Hollywood, Wall Street, and Mistrusting Individual Investors
Journal of Economic Behavior and Organization,
Individual investors reduce their trading activity in financial markets after the release of negatively biased Hollywood movies related to financial markets. These movies regularly depict financial markets and professionals active in them as marked by greed and corruption (Lichter et al. 1997). This decline in trading activity at the extensive margin comes together with depressed investor sentiment marked by higher likelihoods and volumes of selling than of buying transactions by those investors still active. Their avoidance of investing in and tendency to trade out of stocks related to companies in the financial industry, as well as their shift from actively managed mutual funds to passive vehicles (ETFs), provide evidence for the deterioration of investors’ trust in the financial industry and its managers. This channel is in line with existing literature on subjective beliefs in investment decisions and the impact of biased media coverage, such as the negative depiction of financial markets, shareholders, and managers in Hollywood movies.
Tail-risk Protection Trading Strategies
Starting from well-known empirical stylized facts of financial time series, we develop dynamic portfolio protection trading strategies based on econometric methods. As a criterion for riskiness, we consider the evolution of the value-at-risk spread from a GARCH model with normal innovations relative to a GARCH model with generalized innovations. These generalized innovations may for example follow a Student t, a generalized hyperbolic, an alpha-stable or a Generalized Pareto distribution (GPD). Our results indicate that the GPD distribution provides the strongest signals for avoiding tail risks. This is not surprising as the GPD distribution arises as a limit of tail behaviour in extreme value theory and therefore is especially suited to deal with tail risks. Out-of-sample backtests on 11 years of DAX futures data, indicate that the dynamic tail-risk protection strategy effectively reduces the tail risk while outperforming traditional portfolio protection strategies. The results are further validated by calculating the statistical significance of the results obtained using bootstrap methods. A number of robustness tests including application to other assets further underline the effectiveness of the strategy. Finally, by empirically testing for second-order stochastic dominance, we find that risk averse investors would be willing to pay a positive premium to move from a static buy-and-hold investment in the DAX future to the tail-risk protection strategy.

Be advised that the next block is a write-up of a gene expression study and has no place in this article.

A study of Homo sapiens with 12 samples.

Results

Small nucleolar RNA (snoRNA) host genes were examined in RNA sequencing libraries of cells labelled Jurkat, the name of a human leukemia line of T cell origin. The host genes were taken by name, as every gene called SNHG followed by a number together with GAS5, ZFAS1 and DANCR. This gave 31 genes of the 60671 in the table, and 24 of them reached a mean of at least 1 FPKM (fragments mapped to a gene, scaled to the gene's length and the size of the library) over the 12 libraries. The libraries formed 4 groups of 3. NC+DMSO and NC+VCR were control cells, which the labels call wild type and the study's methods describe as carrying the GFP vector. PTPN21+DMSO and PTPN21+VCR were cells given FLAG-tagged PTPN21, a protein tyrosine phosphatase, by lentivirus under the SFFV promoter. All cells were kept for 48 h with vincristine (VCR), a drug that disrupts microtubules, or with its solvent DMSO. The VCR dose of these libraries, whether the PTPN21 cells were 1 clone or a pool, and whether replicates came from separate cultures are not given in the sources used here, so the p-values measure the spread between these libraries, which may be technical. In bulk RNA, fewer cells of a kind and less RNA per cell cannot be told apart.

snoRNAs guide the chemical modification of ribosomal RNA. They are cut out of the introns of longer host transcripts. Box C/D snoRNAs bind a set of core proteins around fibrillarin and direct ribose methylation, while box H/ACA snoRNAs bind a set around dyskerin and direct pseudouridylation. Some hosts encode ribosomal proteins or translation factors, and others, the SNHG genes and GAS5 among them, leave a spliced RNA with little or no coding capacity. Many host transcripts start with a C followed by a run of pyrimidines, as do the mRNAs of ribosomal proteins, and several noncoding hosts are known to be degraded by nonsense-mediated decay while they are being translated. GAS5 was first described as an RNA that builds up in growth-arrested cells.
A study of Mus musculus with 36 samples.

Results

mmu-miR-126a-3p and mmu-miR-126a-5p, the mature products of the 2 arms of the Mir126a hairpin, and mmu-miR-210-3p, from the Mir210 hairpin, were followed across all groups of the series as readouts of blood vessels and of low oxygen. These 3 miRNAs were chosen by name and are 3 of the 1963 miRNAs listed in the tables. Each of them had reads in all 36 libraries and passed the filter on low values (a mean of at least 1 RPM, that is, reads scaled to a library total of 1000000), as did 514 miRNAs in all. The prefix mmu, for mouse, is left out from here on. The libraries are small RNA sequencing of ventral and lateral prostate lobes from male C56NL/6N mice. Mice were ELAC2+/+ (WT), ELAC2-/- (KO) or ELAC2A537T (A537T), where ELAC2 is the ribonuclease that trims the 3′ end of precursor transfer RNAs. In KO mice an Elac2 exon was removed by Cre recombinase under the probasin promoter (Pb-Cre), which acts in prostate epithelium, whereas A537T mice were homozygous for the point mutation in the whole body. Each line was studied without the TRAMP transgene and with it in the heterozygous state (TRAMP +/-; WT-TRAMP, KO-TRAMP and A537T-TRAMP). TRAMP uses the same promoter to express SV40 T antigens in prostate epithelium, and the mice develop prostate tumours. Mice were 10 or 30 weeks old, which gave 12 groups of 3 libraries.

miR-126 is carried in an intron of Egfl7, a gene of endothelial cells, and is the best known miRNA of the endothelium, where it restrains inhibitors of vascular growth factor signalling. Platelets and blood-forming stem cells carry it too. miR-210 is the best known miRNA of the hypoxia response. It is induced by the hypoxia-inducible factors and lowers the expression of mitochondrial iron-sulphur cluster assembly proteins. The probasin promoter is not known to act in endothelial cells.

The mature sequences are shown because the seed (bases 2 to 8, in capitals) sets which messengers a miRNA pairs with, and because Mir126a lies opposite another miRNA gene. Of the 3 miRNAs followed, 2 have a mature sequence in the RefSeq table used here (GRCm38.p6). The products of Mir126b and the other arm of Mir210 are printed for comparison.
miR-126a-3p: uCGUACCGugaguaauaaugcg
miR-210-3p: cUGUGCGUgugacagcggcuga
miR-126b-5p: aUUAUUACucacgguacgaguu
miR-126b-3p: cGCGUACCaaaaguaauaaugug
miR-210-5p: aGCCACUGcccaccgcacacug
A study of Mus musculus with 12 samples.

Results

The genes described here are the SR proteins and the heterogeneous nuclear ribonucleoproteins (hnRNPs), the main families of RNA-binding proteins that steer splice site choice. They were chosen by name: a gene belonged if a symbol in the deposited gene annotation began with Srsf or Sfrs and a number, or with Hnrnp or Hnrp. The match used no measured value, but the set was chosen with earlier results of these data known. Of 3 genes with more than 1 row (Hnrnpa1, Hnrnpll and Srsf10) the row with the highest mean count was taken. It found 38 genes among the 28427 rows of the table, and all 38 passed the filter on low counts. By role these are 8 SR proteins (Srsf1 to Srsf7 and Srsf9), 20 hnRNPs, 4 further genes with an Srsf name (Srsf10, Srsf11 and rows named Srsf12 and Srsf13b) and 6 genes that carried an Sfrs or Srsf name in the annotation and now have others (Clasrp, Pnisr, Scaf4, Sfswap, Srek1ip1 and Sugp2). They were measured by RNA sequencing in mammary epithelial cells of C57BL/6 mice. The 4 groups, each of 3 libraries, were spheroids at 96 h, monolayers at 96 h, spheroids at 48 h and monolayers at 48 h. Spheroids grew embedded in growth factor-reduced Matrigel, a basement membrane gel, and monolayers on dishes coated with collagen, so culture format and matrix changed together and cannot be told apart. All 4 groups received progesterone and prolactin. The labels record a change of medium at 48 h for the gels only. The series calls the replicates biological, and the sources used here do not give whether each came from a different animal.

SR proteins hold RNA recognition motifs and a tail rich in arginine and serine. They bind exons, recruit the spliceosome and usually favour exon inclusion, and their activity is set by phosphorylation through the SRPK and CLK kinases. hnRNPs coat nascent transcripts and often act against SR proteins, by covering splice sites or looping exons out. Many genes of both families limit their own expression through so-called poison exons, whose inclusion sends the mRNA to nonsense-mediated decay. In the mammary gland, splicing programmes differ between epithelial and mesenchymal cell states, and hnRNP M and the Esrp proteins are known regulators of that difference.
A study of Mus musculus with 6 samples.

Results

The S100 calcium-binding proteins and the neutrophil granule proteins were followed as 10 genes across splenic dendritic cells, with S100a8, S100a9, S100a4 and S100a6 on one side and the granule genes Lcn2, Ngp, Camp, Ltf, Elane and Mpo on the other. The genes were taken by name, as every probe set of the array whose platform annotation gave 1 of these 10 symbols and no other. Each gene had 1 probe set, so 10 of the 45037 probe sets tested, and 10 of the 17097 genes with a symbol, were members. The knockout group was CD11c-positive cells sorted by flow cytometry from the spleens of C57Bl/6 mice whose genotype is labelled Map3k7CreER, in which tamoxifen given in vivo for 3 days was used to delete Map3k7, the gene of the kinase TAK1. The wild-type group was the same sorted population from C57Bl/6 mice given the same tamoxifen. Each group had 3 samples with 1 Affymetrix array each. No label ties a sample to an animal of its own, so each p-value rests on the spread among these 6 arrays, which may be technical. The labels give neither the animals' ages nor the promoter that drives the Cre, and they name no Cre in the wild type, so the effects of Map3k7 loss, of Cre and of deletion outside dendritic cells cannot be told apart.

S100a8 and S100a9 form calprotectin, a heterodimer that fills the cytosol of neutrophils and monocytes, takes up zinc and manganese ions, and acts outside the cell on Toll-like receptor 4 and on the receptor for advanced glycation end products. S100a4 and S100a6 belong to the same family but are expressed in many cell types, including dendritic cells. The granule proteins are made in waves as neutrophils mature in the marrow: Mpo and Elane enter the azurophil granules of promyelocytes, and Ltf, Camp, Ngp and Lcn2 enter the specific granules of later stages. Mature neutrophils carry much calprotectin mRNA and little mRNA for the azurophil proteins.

The Impact of Risk Attitudes on Financial Investments
IWH Discussion Papers,
Several scholars analyze the relationship between individuals’ willingness to take risks and financial investment decisions. We add to this literature in using data from the German Socio-Economic Panel which allow ruling out that investments in risky assets itself impact on risk attitudes. We show that individuals with a higher willingness to take risks are more likely to hold bonds, stocks, and company assets. When grouping individuals into risk groups, our results reveal that high risk takers are also less likely to own a life insurance. If endogenous adaption of risk attitudes from holding assets in previous years is not taken into account, the impact of risk attitudes on holding risky assets is upward biased.
Size and Focus of a Venture Capitalist's Portfolio
Review of Financial Studies,
We take a portfolio approach to analyze the investment strategy of a venture capitalist (VC) and show that portfolio size and scope affect both the entrepreneurs' and the VC's incentives to exert effort. A small portfolio improves entrepreneurial incentives because it allows the VC to concentrate the limited human capital on a smaller number of startups, adding more value. A large and focused portfolio is beneficial because it allows the VC to reallocate the limited resources and human capital in the case of startup failure and allows the VC to extract greater rents from the entrepreneurs. We show that the VC finds it optimal to limit portfolio size when startups have higher payoff potential - that is, when providing strong entrepreneurial incentives is most valuable. The VC expands portfolio size only when startup fundamentals are more moderate and when he can form a sufficiently focused portfolio. Finally, we show that the VC may find it optimal to engage in portfolio management by divesting some of the startups early since this strategy allows him to extract a greater surplus.